The report cited two Russians, two Italians, a German, and a Columbian as those who tested positive.
While most of the teams have been allowed to return home after being assessed by health officials, there are currently four teams still under quarantine in their hotel: Cofidis, Groupama-FDJ, Gazprom, and UAE Team Emirates.
UAE Team Emirates has stated that although they’ve been cleared to leave, the team has decided to stay in a self-imposed quarantine as a precaution. The other three teams, however, have not yet been cleared, despite most of the other teams being able to leave two days ago. They’ve also undergone a second round of testing for the coronavirus.
“I think that this situation really isn’t normal,” Team Cofidis president Thierry Vittu said in a statement on the team’s website. “We’re being held against our will in a place we didn’t choose and for an unknown period of time.”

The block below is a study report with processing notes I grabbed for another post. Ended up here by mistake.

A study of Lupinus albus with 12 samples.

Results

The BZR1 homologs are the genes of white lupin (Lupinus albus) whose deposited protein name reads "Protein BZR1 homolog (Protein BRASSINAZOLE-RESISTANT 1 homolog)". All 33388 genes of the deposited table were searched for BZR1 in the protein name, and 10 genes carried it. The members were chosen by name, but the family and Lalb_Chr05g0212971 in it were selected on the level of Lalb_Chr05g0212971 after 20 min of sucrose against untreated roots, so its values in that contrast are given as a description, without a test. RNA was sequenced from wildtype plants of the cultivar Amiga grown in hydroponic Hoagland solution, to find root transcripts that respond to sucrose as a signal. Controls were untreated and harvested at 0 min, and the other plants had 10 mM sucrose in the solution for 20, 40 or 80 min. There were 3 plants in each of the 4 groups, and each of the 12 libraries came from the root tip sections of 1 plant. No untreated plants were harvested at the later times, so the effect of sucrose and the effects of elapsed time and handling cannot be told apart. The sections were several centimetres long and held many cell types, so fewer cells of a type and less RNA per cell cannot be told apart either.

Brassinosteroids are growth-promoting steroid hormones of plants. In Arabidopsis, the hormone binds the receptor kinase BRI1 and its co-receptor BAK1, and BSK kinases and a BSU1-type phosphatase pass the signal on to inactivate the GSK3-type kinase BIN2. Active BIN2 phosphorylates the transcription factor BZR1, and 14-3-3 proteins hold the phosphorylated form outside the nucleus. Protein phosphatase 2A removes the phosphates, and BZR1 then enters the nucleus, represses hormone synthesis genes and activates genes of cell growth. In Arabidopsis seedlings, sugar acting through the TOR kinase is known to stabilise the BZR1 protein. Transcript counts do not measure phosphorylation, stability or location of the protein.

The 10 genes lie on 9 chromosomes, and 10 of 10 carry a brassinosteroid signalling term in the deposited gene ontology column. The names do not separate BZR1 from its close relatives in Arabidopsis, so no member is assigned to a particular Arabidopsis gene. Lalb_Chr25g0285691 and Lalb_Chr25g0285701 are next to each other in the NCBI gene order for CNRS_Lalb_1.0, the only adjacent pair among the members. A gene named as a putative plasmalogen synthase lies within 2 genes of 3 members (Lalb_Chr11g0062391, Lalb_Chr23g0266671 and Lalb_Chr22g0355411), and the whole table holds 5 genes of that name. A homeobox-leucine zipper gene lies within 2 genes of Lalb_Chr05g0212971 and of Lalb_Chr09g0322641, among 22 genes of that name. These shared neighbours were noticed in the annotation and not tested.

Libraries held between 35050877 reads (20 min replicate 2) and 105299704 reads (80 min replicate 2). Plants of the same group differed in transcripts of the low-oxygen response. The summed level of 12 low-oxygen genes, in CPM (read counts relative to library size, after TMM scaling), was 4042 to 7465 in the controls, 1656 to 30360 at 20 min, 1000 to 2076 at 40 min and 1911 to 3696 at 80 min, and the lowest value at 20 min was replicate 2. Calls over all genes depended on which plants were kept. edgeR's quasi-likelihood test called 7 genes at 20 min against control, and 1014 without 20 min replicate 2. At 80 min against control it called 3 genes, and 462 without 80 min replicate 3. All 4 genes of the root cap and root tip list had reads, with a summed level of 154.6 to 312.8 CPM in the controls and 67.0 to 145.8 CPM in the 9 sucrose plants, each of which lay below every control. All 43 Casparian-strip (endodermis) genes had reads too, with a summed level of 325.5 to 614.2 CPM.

Team Groupama-FDJ shared in a Tweet on March 2 that its team members are still being quarantined, despite successfully passing the first round of tests. They’re now awaiting the results of the remaining seven tests and stated that the first five came back negative.
Aside from coronavirus worries, the quarantine has been especially detrimental for the cyclists as they’re now faced with additional concerns over losing fitness from being off the bike for so long. Five days off the bike might seem like nothing to most, but it could very well negatively impact a pro cyclist at the start of race season.
Some of the teams are finally starting to receive bike trainers so they can at least train inside. Now, they just need bikes.
Yet, in the midst of their frustration, some are trying to make the best of it. Being cooped up in a hotel room (plus hallway) for five days undoubtedly forces you to become resourceful. Just take Groupama-FDP cyclist Arnaud Demare, who figured out that he could use his room’s clothing iron as a makeshift jump rope.